The Prime Minister said London's new mayor was a "proud Brit" and shared a platform with him at an EU 'Remain' rally today, despite previously warning of Khan's affinity with religious figures.
Cameron notably came under fire for refusing to publicly congratulate Khan for six days following the mayor's election - despite figures including Hillary Clinton, Sajid Javid and even the Daily Mail managing to do so.
He also warned back in April that Khan had links to a supporter of so-called Islamic State, saying he was "concerned" by the allegation.
Seemingly brushing off his repeated attacks against Khan today though, the Prime Minister claimed he was proud that "someone who is a proud Muslim, a proud Brit and a proud Londoner can become mayor of the greatest city on Earth. That says something about our country".
But the change in tone was noticed by some, who accused Cameron of making a sudden turn on his feelings towards Khan.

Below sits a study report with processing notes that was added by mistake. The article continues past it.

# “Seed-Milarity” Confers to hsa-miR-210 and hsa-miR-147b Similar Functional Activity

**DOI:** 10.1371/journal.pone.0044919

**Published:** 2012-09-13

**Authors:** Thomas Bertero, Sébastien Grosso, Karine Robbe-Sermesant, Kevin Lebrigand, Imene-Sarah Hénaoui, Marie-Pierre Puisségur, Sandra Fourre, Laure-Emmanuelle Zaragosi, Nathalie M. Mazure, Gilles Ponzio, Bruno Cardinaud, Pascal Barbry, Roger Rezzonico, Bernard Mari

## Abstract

Cameron added in his address at Roehampton University in West London that he was working with Khan to fight against the "vital issue" of discrimination.
“There are still glass ceilings we have got to smash," the PM said. "There’s still discrimination we have got to fight. I’m proud to be here with the mayor of London - with the Labour mayor of London – on this vital issue."
Khan himself was forced to rebut critics who slammed him for sharing a platform with the Cameron, saying it was "in Londoners' interests" for the pair to work together.
"There are many things on which the prime minister and I will disagree," he said. "But what's really important is when it's in Londoners' interests for the mayor and the government to work closely together, we will work closely together."
It comes as the battle over Britain's membership of the EU intensifies in the run up to June 23's referendum.
At the event today, both the Labour and Conservative Remainers unveiled a pledge card that lists five things they claim will be guaranteed in the event of Britain voting to remain in the EU.
The five promises are: economic stability, access to the EU’s single market, keeping the European arrest warrant, a special status for the UK in Europe, and protecting workers’ rights.